RADIOGRAPHY

Radiography formerly involved the use of radiographic film, but now at most facilities is digital. Both direct (DR) and computed (CR) radiography are available and result in the production of digital images. 

Radiography is the use of x-rays to produce an image. X-rays are produced by an x-ray tube, pass through the patient and finally hit an image detector plate in the case of digital radiography or the radiographic film within the screen in the case of convention film-screen techniques. As the x-ray beam passes through the patient, the beam becomes attenuated (reduced) as it interacts with tissue. Different tissues result in different amounts of attenuation based on atomic number and density.

The five radiographic opacities are air, fat, soft tissue/fluid, mineral and metal. Contrast between structures relies on adjacent structures having different opacities. This is called 'subject contrast'. What this means is that two adjacent soft tissue structures, or a soft tissue organ surrounded by fluid, cannot be differentiated on radiography. However if two soft tissue organs are separated by fat or air, then the different opacities mean that the structures will be seen distinctly.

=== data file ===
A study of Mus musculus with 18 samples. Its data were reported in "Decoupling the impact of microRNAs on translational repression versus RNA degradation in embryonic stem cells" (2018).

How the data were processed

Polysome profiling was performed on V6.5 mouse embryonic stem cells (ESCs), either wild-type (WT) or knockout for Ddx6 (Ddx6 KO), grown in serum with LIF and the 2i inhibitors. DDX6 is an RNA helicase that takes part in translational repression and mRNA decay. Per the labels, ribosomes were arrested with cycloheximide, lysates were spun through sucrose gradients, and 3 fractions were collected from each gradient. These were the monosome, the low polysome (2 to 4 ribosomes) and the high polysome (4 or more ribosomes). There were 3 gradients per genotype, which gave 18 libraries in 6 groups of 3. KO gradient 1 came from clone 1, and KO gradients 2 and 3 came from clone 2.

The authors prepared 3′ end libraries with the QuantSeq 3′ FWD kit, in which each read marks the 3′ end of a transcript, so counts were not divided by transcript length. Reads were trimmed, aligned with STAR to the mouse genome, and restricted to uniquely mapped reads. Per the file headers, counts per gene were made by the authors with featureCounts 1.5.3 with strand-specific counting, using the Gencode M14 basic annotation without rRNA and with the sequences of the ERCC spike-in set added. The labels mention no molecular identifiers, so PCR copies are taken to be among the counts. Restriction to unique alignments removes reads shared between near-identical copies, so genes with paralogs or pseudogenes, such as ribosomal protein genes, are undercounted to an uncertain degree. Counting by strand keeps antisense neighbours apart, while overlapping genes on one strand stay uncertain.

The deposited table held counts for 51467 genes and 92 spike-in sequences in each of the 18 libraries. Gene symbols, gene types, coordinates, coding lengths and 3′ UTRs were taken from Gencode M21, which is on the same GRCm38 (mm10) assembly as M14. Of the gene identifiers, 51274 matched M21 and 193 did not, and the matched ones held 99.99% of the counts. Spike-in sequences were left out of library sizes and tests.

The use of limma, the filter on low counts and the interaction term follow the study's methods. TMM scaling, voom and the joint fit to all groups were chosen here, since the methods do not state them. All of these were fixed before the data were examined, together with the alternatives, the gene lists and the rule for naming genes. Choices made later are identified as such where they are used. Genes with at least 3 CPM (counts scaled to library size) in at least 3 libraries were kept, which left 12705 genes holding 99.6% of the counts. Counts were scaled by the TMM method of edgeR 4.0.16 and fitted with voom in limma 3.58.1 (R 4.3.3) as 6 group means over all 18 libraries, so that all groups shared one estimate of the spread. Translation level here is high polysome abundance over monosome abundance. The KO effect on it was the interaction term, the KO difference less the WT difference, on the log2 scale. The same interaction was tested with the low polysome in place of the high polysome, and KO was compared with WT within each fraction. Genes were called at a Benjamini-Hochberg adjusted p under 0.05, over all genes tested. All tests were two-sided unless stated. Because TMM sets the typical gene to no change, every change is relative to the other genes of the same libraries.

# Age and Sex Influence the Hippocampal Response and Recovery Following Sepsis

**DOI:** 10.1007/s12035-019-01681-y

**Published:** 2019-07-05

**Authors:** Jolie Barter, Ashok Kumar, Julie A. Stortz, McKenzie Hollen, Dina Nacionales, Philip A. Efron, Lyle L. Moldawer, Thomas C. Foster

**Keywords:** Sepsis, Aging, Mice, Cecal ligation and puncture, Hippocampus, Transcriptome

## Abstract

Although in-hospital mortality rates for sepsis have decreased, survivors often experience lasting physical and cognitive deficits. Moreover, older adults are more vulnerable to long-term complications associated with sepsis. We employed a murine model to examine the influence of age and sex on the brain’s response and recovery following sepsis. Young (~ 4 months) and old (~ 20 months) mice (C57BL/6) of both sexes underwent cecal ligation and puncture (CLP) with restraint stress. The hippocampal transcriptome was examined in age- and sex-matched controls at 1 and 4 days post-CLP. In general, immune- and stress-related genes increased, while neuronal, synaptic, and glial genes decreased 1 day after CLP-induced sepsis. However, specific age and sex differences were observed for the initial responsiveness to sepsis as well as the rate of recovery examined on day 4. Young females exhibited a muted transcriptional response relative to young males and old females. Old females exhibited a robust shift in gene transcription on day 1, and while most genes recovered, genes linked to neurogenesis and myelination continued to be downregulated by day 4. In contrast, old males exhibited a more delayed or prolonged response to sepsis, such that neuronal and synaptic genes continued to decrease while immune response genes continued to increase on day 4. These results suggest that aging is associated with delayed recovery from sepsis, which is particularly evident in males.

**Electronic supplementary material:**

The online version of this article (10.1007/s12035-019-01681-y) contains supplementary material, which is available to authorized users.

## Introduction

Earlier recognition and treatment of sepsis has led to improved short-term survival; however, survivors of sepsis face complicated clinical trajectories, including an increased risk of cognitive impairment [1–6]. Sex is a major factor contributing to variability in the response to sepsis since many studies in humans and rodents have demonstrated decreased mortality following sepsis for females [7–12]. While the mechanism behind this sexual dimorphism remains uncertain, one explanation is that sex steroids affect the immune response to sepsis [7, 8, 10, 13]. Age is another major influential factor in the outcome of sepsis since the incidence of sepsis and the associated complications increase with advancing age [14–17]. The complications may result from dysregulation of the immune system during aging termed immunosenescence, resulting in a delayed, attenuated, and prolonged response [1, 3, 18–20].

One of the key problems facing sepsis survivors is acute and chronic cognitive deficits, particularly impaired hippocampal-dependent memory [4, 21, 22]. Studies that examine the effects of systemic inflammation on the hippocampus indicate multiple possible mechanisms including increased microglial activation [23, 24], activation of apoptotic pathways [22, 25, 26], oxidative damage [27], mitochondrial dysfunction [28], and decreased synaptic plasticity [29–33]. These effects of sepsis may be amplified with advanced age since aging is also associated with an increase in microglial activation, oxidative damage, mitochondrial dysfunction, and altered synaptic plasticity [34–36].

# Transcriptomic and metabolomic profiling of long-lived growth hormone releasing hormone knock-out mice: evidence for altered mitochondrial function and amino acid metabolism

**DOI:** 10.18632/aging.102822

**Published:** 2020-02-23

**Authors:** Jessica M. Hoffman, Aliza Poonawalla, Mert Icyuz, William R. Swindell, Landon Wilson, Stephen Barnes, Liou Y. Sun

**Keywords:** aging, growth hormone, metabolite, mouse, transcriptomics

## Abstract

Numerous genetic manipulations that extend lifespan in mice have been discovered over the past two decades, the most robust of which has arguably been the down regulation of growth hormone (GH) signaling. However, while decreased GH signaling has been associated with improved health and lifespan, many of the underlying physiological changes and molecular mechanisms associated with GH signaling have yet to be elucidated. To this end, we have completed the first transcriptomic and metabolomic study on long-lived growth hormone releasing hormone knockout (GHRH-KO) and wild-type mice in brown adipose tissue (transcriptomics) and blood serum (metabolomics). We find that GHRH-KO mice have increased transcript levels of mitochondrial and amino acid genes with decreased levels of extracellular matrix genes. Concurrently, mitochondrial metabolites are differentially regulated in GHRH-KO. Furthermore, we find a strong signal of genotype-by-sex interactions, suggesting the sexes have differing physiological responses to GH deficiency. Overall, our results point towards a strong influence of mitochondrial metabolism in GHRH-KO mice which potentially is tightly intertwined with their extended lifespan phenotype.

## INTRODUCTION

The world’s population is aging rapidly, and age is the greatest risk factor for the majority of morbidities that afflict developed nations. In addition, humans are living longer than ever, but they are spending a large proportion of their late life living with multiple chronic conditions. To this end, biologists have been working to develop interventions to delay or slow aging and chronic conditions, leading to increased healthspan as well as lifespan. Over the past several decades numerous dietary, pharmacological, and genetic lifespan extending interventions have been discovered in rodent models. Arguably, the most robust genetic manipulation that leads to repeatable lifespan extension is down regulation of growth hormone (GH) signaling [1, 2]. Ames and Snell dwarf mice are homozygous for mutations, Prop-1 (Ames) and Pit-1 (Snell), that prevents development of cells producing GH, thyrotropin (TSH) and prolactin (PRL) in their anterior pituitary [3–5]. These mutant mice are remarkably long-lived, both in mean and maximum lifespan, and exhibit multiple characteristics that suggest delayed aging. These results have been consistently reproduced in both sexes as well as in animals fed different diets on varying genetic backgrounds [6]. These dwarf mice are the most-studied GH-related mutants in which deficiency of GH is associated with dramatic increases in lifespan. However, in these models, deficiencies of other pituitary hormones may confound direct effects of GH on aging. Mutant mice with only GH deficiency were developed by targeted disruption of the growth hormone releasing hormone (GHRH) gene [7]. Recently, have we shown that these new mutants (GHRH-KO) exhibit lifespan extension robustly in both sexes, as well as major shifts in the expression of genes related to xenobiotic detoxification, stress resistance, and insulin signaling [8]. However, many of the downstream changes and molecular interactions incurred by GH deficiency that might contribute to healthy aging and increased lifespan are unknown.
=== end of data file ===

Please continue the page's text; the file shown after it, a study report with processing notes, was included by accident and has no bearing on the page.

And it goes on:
Size is an important consideration. Mutiple radiographs may be needed to cover an entire area and because a radiograph essentially compresses a 3D animal into a 2D image, minimally orthogonal views (at 90 degrees) if not multiple views are needed for full evaluation of a region. 



In marine mammals consideration of subject contrast is also very important. Radiographs are very useful for the thorax because the lungs are air filled, the ribs are bone and the overlying soft tissues are soft tissue opacity. So detail within the lungs can be seen. However most marine mammals do not have internal abdominal fat due to laying fat in the superficial blubber layer. This results in poor abdominal detail under normal conditions, although evaluation of the gastrointestinal tract can be useful if there is gas present, or if a metallic or bone opacity foreign body has been ingested. Pathologies that result in alteration of tissues from soft tissue to mineral opacity, for example some urinary calculi, can also be seen. But in general abdominal radiography is limited in pinnipeds and cetaceans.